Everyone knows The Phantom Menace is a terrible movie. You know it. Little kids with Anakin backpacks know it. George Lucas knows it (as he swims through his pool of Star Wars licensed gold). Even prequel apologists like me know it.

So, does anyone really need a 70-minute video review to tell us why we hate such a mind-numbing piece of woefully disappointing cinema? Yes, at least when that review is produced by mad genius Mike Stoklasa of Red Letter Media.

Stoklasa’s review doesn’t simply trash The Phantom Menace, it explores the reasons the two Star Wars trilogies are so different, and examines the broader question of why some movies make people’s eyes glaze over in awe and other movies make them want to slit their wrists.

The Phantom Menace Review is conducted in the same style as other Red Letter Media reviews. It’s exhaustively illustrated with wall-to-wall footage from the film, features critiques from the perspective of an almost frightningly informed viewer, and narrated by a guy who kind of sounds like Brad Neeley if Brad Neeley was a backwoods codger who abducts and slaughters disoriented hikers. To clarify that last point, the narrator of RLM reviews is a character whose role is to sometimes stray from film critique and get into pitch black humor involving basement death chambers and eerily specific advice on how to kill prostitutes.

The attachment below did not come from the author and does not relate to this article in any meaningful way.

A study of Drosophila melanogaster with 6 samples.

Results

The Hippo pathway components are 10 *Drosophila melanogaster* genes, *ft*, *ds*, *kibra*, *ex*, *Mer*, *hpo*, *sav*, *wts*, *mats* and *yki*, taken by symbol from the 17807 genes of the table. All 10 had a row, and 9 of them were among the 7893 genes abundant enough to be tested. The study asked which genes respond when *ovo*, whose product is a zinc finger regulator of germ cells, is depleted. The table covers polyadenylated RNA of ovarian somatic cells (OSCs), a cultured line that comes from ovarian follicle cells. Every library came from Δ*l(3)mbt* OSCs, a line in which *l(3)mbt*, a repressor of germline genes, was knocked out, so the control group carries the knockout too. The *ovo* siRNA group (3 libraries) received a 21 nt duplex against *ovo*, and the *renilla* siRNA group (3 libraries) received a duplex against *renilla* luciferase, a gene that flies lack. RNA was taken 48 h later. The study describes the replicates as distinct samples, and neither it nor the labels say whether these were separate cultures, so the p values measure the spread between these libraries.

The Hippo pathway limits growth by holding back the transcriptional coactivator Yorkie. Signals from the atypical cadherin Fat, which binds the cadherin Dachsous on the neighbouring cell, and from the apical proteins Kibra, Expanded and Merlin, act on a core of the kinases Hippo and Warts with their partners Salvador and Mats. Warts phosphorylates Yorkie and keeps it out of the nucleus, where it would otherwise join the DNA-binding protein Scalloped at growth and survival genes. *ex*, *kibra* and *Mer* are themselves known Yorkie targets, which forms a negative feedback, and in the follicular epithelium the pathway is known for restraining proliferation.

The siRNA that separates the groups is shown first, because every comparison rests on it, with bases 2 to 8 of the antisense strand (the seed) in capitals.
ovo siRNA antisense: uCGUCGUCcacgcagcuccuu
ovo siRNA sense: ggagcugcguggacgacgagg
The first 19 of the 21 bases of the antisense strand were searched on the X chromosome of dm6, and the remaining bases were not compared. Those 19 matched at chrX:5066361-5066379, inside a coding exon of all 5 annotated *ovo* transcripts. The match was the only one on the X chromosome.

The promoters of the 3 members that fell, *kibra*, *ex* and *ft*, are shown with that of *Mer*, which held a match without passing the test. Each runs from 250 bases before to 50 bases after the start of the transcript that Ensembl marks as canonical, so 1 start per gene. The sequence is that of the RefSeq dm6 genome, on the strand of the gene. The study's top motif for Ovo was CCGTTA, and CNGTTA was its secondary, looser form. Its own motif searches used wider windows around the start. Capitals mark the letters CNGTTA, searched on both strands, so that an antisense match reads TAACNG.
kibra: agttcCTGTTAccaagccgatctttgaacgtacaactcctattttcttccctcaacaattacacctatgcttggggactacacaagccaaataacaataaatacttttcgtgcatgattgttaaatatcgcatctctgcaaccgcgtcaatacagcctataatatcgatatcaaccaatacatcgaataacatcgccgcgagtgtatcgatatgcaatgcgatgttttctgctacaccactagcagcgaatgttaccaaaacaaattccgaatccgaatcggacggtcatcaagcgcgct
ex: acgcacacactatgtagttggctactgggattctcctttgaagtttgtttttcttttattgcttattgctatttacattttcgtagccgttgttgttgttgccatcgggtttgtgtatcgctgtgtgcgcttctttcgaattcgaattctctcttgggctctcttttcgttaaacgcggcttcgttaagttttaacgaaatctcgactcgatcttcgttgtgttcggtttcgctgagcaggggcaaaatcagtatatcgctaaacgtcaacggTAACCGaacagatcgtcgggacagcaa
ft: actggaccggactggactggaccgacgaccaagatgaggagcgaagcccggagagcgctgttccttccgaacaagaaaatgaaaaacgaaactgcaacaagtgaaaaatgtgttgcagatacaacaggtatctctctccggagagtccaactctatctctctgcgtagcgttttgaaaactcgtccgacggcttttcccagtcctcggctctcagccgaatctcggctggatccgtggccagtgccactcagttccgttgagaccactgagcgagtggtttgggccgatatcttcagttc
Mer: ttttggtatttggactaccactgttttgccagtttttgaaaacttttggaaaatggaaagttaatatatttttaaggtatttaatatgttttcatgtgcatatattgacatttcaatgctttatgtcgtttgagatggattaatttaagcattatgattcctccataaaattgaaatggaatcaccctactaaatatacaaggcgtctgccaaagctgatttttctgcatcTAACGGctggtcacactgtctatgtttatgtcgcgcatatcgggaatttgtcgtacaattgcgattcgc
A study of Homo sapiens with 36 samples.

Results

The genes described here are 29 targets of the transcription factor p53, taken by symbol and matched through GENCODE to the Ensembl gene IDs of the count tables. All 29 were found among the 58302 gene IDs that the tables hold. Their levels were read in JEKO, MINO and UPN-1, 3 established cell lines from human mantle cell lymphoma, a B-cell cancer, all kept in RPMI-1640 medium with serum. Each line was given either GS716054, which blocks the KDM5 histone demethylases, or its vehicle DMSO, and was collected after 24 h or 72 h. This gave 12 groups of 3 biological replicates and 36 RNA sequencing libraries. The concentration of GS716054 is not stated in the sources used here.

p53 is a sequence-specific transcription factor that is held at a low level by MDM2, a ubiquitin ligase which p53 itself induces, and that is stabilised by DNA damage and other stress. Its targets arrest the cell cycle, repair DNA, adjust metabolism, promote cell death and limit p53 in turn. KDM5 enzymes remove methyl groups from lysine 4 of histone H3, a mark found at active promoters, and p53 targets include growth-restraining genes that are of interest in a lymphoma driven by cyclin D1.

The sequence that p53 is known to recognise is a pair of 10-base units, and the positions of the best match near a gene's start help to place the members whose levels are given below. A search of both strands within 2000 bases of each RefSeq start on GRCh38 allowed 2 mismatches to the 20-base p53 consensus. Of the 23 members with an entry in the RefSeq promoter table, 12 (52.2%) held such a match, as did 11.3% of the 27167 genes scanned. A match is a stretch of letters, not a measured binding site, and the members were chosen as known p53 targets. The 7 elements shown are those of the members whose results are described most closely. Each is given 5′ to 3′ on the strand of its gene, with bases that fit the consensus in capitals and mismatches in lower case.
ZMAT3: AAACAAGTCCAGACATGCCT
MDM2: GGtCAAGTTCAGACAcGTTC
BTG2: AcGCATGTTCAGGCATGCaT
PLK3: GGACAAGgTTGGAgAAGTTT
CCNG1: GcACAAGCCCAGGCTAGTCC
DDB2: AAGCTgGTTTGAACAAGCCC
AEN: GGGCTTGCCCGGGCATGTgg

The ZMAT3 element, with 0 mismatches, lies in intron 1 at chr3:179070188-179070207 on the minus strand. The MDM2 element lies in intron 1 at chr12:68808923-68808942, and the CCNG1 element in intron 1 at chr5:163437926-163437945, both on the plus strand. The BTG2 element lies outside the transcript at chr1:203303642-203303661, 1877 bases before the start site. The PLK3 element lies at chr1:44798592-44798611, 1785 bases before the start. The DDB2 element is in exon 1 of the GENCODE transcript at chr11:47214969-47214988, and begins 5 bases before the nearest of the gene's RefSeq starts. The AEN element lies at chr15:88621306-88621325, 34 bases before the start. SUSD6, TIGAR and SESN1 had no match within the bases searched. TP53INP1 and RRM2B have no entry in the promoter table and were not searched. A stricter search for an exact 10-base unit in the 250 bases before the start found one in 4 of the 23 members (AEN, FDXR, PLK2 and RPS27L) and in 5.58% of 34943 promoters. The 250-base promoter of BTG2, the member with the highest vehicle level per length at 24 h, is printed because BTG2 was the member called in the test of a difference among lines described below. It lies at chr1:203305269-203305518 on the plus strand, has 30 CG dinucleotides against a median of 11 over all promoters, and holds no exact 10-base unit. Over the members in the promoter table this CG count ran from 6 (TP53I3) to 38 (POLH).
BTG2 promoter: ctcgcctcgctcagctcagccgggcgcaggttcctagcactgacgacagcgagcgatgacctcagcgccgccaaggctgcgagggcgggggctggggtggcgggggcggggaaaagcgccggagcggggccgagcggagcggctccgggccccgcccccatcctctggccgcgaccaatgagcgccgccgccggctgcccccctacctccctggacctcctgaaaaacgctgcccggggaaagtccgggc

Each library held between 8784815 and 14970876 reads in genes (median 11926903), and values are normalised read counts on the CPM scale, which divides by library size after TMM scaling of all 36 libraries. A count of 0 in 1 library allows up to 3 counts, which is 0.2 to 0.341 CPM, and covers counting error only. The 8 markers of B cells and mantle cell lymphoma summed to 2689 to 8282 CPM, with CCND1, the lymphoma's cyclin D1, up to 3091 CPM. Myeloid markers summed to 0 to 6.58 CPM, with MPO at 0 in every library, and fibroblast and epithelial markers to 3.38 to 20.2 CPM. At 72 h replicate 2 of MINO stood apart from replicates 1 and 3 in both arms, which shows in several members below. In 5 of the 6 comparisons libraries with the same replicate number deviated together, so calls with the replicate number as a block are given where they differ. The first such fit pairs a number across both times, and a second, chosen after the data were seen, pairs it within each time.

jar-jar-binksFun as serial killer humor may be, the main reason to watch this review is for the review. Stoklasa points out tons of plotholes and poor dialogue, but the real insight comes from his examination of what connects a viewer to a movie. The first 10-mintute segment contains the sharpest piece of criticism in the whole 70-minute expose. Four average viewers are asked to describe the personality of certain Star Wars characters, and the ease with which they paint colorful adjective portraits of original trilogy characters like C-3PO (“prissy”, “anal-retenandtive”, “high-strung”) is contrasted with the near-impossible task of describing a main character from the prequels (Padme is best remembered as “monotone”).

Towards the end of the review, Stoklasa uses behind-the-scenes production footage of The Phantom Menace to examine the film’s problems at their source. Stoklasa concedes he can only speculate on what went wrong during filming, but his implications are clear when he asks us to see the fear in the eyes of Lucas’ production team, unable to question or critique their master.

The Phantom Menance Review has it share of cheap shots, nitpicks and tangents, but it ultimately gets closer than any other review or article to answering the question burning inside every Star Wars fan: How could one of the greatest movie franchises of all time get #$%@ed up so badly?